I'm talking about the symptomatic improvement in the spleen and general systemic symptoms, night sweating, low grade fevers, itching, bone aches and pains and others. Pacritinib is approved therapy since February of 2022 for patients with platelets below 50. So that's the number one choice. As we know ruxolitinib and fedratinib are choices for patients with platelets above 50, one or the other can be used.
Now when we face a no response or loss of response situation, then the guidelines and the current practice indicate that any alternative JAK inhibitor can be used as alternative. For example, after ruxolitinib, one would consider fedratinib or even pacritinib, regardless of the platelet number. If we start with fedratinib, ruxolitinib or pacritinib can be used. So combinations exists, but the key parameters here is a no response or loss of response definition.
A definition does not really exist of a loss of response or no response. There is no consensus definition as listed on this slide. We talk about the primary resistance or refractiveness typically, but I should say almost everybody has, any patient, a degree of improvement with any JAK inhibitors. So primary resistance is very rare. Relapse or loss of initial response is much more common and we call this many times a secondary resistance, a splenic relapse or loss of control of the symptoms.
But there is also intolerance or a progression of the disease, which is anemia or thrombocytopenia. In fact, most of the time, anemia or cytopenia in general is the leading cause for stopping ruxolitinib. Disease progression with the disease progressing to acute mild leukemia is another possibility unrelated really to a JAK inhibitor use. The definition of ruxolitinib treatment failure in clinical trials also varies from one study to another.
So we really face, even when we talk about the clinical study execution, we lack the definitions. Now in everyday practice, the durability of ruxolitinib as a first line choice may vary. In the clinical studies, we know that the average duration is about three years, and then something else needs to be done. Unlike any other study, what you can see here in the red color is the experience in people with low platelets. This is in a black color, and you can see here that the average duration is very short. After ruxolitinib outcome is poor.
And again, there are factors that would determine who does better than the others. For example, platelet numbers or blasts or genetic complexity. These are all the factors that can determine the outcome and certainly there is an unmet need here in terms of providing benefit to people who are by and large cytopenic. When we look at the fedratinib use in a secondary setting, we look at the analysis of a Phase II open label study called JAKARTA2.
Now this is in patients that were previously treated with ruxolitinib, and we have about a 27% to 30% response rate as you can see, which is very valuable. But at the same time, we have to acknowledge that fedratinib worsens anemia and thrombocytopenia and has some gastrointestinal side effects and black box warnings for encephalopathy, which is a result of a thiamine deficiency. And encephalopathy is a very rare side effect of thiamine deficiency, but one needs to measure thiamine and supplement it if necessary.
So, in this setting, recent approval of pacritinib is very welcome. The PAC 203 study was a study in people who were previously treated and were refractory, resistant, and intolerant to ruxolitinib and have platelets below 100, which is quite common in a secondary setting. As you can see, 31% of evaluable patients, even with platelets below 50,000 had a response in the spleen and a very good number of patients, about 27% of them even had improvement in the TSS, total symptom score in a range of a 50%.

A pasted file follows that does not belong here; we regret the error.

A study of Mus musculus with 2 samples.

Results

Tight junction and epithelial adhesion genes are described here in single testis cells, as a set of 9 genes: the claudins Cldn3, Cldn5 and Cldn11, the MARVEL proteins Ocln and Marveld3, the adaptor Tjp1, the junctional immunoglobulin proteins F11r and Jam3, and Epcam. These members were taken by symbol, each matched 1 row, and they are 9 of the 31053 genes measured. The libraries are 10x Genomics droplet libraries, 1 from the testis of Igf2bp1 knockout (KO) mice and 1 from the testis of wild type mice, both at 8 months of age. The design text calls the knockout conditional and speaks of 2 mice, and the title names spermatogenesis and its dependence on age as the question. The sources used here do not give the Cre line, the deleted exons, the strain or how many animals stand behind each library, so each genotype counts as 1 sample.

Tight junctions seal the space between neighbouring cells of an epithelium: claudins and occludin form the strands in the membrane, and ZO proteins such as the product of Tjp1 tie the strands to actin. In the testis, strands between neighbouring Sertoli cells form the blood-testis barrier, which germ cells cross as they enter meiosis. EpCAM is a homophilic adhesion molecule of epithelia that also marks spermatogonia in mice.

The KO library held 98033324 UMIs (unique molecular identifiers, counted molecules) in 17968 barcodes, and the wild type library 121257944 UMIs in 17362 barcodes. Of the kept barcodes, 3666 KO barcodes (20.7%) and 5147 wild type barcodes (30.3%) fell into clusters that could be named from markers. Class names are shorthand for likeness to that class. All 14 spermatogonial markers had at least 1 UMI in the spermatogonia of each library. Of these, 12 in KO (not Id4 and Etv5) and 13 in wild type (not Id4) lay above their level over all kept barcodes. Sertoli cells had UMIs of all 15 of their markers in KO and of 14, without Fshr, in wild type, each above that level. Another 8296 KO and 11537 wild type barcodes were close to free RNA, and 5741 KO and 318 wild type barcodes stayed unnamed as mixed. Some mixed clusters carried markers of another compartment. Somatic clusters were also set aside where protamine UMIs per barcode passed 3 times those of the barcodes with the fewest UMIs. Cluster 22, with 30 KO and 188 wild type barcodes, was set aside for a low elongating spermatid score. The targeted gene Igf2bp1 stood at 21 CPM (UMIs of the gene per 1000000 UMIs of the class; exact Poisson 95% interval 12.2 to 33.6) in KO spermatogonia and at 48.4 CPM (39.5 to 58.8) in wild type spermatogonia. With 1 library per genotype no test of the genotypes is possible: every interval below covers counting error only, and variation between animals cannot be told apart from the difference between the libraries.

At the same time, in that PAC203 study in the second setting with patients having platelets below 100, we see on the left side that the platelets were normal or stable to be correct, over time during the therapy, while some patients, as you see to the right had improvement in anemia. So an anemia response is a possibility when you use pacritinib in the secondary setting.
And here we come to the MOMENTUM study. The MOMENTUM study is a Phase III, random study of momelotinib versus danazol, a MOMENTUM study is under review for possible approval of momelotinib therapy for patients with anemia and symptoms because as you see on this slide, this was a study designed for patients that were symptomatic with anemia and platelets above 25,000 with the key parameters in assessment of the quality of life improvement and anemia benefits.
And in this setting, this transfusion independence rate achieved at week 24 is quite significant. Many patients in the second setting are very anemic, and you see to the left, a 31% of the patients on momelotinib were transfusion independent after 24 weeks of therapy. To the right, you can see how hemoglobin levels improved, and were stable over time at the higher levels than at the beginning. And of course, MOMENTUM also outlines the benefit of momelotinib on the spleen and symptoms.
Because this is a JAK inhibitor, you do have improvements in these two parameters as well. In summary, cytopenia and myelofibrosis is a marker of poor prognosis disease, which we know very well, but also affects choices and abilities of therapies we choose to provide optimal benefit and provided for long period of time. Standard therapy options are limited and new therapeutic options that have recently been approved like pacritinib are in development for possible approval in the near future like momelotinib are very welcome. Thank you very much.